The Arctic is once again on fire. And the extremely warm temperatures in the region — and concurrent wildfires — are another urgent reminder that we need to divest from fossil fuels as soon as possible.
They are a pressing reminder that any post COVID-19 bailout should be focused on an immediate just recovery toward industry workers, renewables, and clean energy.
However, the opposite is happening. New research shows that the Trump administration is giving billions in bailouts to the fossil fuel industry.
The news from the Arctic is deeply worrying. On Tuesday, scientists at the European Copernicus Climate Change Service reported that the unusually warm spell in the Arctic, which has seen record temperatures, continues.
“global temperatures for June were on par with 2019’s record temperatures for the same month. But the most striking regional feature was exceptional warmth over Arctic Siberia, where average temperatures reached as high as 10°C above normal for June.”
They again reiterated that the Arctic “as a whole has been warming substantially faster than the rest of the world.” This heat has consequences, with fires burning across the region since last month.
“For the second year in a row, June saw widespread fires flaring up across the far northeast of Siberia and in the Arctic Circle,” said the scientists.
The fires are so bad they are beginning to make the news. Also this week, National Geographic reported that the
“heat has fueled an enormous outbreak of wildfires, including fires on tundra underpinned by permafrost — normally frigid soil that is likely becoming even less frozen this year.”
The journal noted that the recent spread of fires, which is normally too wet, cold, or icy to burn, is “raising alarms for ecologists and climate scientists” who fear that the fires could disrupt “entire ecosystems,” and “exacerbate global warming by burning deep into the soil and releasing carbon that has accumulated as frozen organic matter over hundreds of years.”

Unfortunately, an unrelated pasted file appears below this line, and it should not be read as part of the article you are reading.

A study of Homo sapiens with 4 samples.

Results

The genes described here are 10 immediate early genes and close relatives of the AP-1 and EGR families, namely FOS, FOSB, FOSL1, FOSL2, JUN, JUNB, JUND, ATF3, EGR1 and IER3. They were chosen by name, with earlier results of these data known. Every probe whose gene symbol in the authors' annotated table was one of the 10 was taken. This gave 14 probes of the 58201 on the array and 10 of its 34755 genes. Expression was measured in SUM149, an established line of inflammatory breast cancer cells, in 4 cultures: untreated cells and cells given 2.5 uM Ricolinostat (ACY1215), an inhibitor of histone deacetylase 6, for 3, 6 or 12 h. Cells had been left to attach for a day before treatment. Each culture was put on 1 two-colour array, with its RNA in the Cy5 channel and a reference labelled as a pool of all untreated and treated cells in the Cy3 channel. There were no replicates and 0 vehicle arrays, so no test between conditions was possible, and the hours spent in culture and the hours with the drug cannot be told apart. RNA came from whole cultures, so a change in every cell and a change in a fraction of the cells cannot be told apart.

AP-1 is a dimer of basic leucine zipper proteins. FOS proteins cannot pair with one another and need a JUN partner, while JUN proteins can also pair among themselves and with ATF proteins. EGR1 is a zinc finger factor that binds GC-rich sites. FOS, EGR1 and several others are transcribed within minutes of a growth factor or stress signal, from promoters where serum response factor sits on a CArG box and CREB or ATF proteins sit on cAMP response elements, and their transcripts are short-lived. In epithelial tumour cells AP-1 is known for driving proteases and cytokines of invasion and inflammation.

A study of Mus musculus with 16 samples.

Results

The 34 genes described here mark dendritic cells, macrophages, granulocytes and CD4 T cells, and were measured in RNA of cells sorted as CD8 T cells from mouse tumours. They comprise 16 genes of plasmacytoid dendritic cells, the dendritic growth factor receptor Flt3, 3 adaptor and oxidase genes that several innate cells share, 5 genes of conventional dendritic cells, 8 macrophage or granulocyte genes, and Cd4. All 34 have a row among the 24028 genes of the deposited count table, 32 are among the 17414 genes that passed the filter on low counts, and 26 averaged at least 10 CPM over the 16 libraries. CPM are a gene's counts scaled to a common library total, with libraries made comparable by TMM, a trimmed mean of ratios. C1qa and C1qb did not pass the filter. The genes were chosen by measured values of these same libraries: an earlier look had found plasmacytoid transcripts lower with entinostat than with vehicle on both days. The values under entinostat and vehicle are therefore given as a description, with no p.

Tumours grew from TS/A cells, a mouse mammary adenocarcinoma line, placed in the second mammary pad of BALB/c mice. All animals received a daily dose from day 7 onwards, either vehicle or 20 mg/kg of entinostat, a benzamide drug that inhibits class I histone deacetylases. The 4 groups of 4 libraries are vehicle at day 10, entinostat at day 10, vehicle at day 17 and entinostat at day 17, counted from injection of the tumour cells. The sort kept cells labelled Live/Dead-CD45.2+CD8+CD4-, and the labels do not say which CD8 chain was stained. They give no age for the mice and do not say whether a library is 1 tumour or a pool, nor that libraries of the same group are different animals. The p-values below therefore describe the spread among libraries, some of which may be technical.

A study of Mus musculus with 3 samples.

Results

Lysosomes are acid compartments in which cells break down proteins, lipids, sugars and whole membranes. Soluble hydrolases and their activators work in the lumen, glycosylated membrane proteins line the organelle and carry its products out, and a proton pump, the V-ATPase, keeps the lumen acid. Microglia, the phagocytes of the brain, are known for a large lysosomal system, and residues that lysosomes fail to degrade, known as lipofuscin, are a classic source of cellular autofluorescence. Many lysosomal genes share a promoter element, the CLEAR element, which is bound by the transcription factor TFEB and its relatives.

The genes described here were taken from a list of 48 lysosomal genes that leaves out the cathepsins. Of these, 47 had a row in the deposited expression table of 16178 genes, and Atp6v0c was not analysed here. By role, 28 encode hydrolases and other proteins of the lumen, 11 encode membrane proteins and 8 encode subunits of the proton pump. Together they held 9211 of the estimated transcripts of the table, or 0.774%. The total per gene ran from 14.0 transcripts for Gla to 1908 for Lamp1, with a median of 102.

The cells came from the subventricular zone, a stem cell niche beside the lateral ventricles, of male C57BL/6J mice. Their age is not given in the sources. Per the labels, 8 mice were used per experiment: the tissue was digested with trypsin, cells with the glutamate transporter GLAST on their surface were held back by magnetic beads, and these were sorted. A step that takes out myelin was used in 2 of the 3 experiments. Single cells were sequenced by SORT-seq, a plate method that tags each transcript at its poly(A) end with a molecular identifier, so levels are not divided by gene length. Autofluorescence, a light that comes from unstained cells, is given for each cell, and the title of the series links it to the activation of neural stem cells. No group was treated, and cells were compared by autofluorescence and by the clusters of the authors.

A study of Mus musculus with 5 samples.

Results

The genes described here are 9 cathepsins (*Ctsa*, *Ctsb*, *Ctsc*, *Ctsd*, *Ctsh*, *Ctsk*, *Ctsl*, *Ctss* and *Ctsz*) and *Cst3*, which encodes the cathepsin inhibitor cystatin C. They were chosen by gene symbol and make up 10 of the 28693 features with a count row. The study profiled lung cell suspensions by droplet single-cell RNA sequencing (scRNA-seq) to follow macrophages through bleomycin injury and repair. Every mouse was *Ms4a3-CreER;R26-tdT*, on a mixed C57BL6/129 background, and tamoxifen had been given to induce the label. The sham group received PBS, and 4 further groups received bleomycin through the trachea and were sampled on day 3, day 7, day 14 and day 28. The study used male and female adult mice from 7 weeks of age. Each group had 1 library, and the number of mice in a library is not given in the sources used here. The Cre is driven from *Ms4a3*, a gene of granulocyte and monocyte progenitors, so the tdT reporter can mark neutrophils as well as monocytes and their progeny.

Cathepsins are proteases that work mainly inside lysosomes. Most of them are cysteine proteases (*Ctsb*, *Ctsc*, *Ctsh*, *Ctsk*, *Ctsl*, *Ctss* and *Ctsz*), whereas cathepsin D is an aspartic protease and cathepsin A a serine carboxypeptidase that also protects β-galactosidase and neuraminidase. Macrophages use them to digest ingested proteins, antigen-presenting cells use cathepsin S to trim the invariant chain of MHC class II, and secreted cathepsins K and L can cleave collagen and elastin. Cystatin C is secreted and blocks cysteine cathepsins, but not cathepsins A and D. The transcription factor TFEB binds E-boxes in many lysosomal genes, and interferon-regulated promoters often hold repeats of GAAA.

The scientists are alarmed at how far north the fires are burning and the fact that they are burning on permafrost — frozen ground — which in turn releases more carbon and methane into the atmosphere.
They are also alarmed at the scale of the fires. According to Russia’s forest fire agency, an estimated 3.4 million acres are burning.
The Washington Post adds that,
“the fires that have erupted in Siberia this summer have been massive, sending out plumes of smoke that have covered a swath of land spanning about 1,000 miles at times…Satellite observations of Arctic wildfires in June also showed that fires this year are emitting more greenhouse gases than the record Arctic fires in 2019.”
With the smoke comes pollution. In June, the fires released more polluting gases into the atmosphere than any other month in 18 years of data collection, according to scientists.
But alarming scientists the most is that everything is happening much faster and quicker than scientists had predicted. Jessica McCarty, a fire researcher at Miami University in Ohio, told National Geographic,
“when I went into fire science as an undergraduate student, if someone had told me I’d be studying fire regimes in Greenland and the Arctic, I would have laughed at them.”
Walt Meier, a senior research scientist at the National Snow and Ice Data Center at the University of Colorado at Boulder, said to the Post,
“We always expected the Arctic to change faster than the rest of the globe. But I don’t think anyone expected the changes to happen as fast as we are seeing them happen.”
His colleague, Merritt Turetsky, director of the Institute for Arctic and Alpine Research at the University of Colorado at Boulder, added,
“when we develop a fever, it’s a sign. It’s a warning sign that something is wrong and we stop and we take note. Literally, the Arctic is on fire. It has a fever right now, and so it’s a good warning sign that we need to stop, take note and figure out what’s going on.”
The burning, melting, and warming Arctic is clearly a sign that something is wrong and we need to stop investing in fossil fuels now. It is a timely reminder that there should not be a big polluter bailout in any COVID-19 recovery plan. It is a reminder that we should be investing rapidly in renewables.
Unfortunately this is not the case. Yesterday, a joint investigation by Documented and the Guardian reported that
“over 5,600 fossil fuel companies have taken at least USD 3 billion in COVID-19 aid from the United States government.”
The paper reported that “the businesses include oil and gas drillers and coal mine operators, as well as refiners, pipeline companies and firms that provide services to the industry.” Worryingly, the USD 3 billion figure is probably “far less than the companies actually received,” noted the Guardian.
The Trump Administration is bailing out polluters as the warning signs from the Arctic get worse. It is clear that nobody should be bailing out the polluters when their profits are evaporating, when they are laying off workers and their pipelines cannot get built. We should not be propping up a dying industry.
Jesse Coleman, a researcher for Documented, told the Guardian,
“we should not be wasting taxpayer dollars on an industry that’s in a tailspin of its own making, especially when it seems intent on bringing the whole planet down with it.”